Aug. 15, 2019
Many lighting execs had expected that LED lamps would be on the list of products slated for tariffs on Sept. 1 on the USTR List 4A.

In an Aug. 13 announcement, the United States Trade Representative (USTR) delayed the 10% tariffs on LEDs imported from China until Dec. 15, 2019. Many lighting execs had expected that LED lamps would be on the list of products slated for tariffs on Sept. 1 on the USTR List 4A.
However, some electrical products were included in the 122-page document that listed hundreds of products subject to the tariffs. Deep in the list in between everything from “live birds of prey” to many different types of food, clothing, steel and iron products and other industrial and consumer goods were ballasts for discharge lamps or tubes (HTS Subheading 8504.10.00) and several different types of electrical filament lamps:
•Electrical filament lamps, voltage not exceeding 100V, having glass envelopes n/o 6.35 mm in diameter, suitable in surgical instruments (8539.29.20)
•Electrical filament lamps nesi, designed for a voltage not exceeding 100V, excluding ultraviolet and infrared lamps (8539.29.30)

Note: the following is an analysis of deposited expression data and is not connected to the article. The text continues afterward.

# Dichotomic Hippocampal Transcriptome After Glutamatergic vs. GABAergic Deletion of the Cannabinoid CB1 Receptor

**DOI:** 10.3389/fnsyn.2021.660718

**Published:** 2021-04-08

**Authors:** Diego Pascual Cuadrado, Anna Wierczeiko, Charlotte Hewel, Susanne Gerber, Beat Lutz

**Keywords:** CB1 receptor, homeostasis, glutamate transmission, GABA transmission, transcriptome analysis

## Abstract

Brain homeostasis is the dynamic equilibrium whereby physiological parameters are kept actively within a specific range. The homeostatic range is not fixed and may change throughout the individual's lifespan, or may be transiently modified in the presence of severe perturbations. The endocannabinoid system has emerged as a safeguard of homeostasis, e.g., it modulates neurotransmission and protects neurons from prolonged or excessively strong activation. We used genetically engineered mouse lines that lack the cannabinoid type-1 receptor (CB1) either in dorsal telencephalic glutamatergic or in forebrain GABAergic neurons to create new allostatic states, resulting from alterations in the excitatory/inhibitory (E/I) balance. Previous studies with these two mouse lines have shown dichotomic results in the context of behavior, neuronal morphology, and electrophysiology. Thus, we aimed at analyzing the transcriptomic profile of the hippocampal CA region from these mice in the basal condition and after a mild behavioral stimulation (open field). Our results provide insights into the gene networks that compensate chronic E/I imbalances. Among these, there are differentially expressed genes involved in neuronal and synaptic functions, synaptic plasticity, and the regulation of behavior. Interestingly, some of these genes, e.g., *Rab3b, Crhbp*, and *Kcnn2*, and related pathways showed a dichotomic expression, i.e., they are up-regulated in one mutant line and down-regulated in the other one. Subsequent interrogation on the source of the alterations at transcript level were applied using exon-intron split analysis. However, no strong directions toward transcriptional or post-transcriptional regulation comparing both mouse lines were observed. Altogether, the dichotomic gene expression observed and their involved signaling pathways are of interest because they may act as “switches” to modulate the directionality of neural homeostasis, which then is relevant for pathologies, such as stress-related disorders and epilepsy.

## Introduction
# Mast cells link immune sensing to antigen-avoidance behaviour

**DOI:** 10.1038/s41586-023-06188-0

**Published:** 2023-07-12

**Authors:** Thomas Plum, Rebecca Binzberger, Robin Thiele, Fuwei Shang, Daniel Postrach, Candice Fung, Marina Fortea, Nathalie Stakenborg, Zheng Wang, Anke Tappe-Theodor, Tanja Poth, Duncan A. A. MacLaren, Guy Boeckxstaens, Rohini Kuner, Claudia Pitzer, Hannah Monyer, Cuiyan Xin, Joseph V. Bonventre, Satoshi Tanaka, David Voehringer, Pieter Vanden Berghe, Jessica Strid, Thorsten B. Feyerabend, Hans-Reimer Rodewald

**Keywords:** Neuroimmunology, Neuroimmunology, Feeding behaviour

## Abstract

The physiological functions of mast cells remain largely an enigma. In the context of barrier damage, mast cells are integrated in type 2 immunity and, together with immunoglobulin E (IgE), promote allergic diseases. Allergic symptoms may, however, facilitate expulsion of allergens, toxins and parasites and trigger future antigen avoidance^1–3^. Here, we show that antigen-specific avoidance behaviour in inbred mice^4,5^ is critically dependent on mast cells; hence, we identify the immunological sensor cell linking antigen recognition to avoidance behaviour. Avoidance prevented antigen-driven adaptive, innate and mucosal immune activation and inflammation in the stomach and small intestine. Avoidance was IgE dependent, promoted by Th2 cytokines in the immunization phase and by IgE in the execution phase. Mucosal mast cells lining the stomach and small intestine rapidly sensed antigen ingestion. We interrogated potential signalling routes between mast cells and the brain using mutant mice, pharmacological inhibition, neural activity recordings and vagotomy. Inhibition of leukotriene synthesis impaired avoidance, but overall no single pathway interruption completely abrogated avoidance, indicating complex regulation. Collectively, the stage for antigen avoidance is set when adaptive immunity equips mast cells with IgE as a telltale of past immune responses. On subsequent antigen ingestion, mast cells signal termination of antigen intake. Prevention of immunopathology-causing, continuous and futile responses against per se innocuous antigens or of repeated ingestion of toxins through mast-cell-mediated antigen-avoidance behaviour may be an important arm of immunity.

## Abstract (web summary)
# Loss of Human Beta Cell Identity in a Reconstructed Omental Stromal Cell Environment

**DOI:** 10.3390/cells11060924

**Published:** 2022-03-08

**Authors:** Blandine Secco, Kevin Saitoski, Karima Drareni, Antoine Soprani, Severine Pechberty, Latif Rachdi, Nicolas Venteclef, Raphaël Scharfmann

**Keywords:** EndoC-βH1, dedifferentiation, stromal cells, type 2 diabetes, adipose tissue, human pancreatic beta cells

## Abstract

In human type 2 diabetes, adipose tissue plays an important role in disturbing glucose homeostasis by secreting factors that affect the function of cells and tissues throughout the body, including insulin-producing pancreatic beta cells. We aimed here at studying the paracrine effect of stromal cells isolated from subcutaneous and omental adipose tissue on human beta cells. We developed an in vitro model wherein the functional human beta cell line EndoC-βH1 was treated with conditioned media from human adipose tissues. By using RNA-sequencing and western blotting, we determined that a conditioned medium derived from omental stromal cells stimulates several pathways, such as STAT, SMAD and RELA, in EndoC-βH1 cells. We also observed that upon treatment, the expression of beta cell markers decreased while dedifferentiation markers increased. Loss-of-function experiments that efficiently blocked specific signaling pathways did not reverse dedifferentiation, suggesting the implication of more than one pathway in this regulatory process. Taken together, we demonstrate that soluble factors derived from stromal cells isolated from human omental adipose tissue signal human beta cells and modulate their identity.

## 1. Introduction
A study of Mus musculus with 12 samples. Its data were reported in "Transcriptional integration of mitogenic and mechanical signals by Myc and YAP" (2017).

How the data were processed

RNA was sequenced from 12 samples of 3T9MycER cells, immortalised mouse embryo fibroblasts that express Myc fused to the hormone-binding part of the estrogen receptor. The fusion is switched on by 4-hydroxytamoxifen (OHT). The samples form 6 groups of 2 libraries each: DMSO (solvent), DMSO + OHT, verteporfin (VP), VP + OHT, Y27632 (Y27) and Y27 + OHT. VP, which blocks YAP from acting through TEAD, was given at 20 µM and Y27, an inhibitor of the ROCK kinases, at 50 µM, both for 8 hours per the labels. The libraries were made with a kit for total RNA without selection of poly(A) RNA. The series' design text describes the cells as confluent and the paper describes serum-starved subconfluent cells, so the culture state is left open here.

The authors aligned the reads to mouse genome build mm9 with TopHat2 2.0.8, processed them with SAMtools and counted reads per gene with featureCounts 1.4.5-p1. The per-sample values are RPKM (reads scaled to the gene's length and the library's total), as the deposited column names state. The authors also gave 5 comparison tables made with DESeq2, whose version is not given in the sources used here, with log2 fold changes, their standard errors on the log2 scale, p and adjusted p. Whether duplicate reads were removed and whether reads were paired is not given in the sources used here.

•Electrical filament lamps, designed for a voltage exceeding 100V, of a power exceeding 200 (W8539.29.40) 
Along with light-emitting diode (LED) lamps (HTS Subheading 8539.50.00), the lighting and electrical products exempt from the additional 10% tariffs on Chinese imported goods included: 
•Electrical filament lamps of a power not exceeding 200W and for a voltage exceeding 100V nesi, excluding ultraviolet and infrared lamps (8539.22.80) 
•Ceiling fans for permanent installation, with a self-contained electric motor of an output not exceeding 125W (8414.51.30)  
The official USTR press release read in part, “On May 17, 2019, USTR published a list of products imported from China that would be potentially subject to an additional 10% tariff.  This new tariff will go into effect on Sept. 1 as announced by President Trump on Aug. 1.  Certain products are being removed from the tariff list based on health, safety, national security and other factors and will not face additional tariffs of 10%.
“Further, as part of USTR’s public comment and hearing process, it was determined that the tariff should be delayed to Dec. 15 for certain articles.  Products in this group include, for example, cell phones, laptop computers, video game consoles, certain toys, computer monitors, and certain items of footwear and clothing. 
“USTR intends to conduct an exclusion process for products subject to the additional tariff. The USTR will publish in the Federal Register as soon as possible additional details and lists of the tariff lines affected by this announcement.”
In total, the tariffs would affect about $300 billion in Chinese imported goods.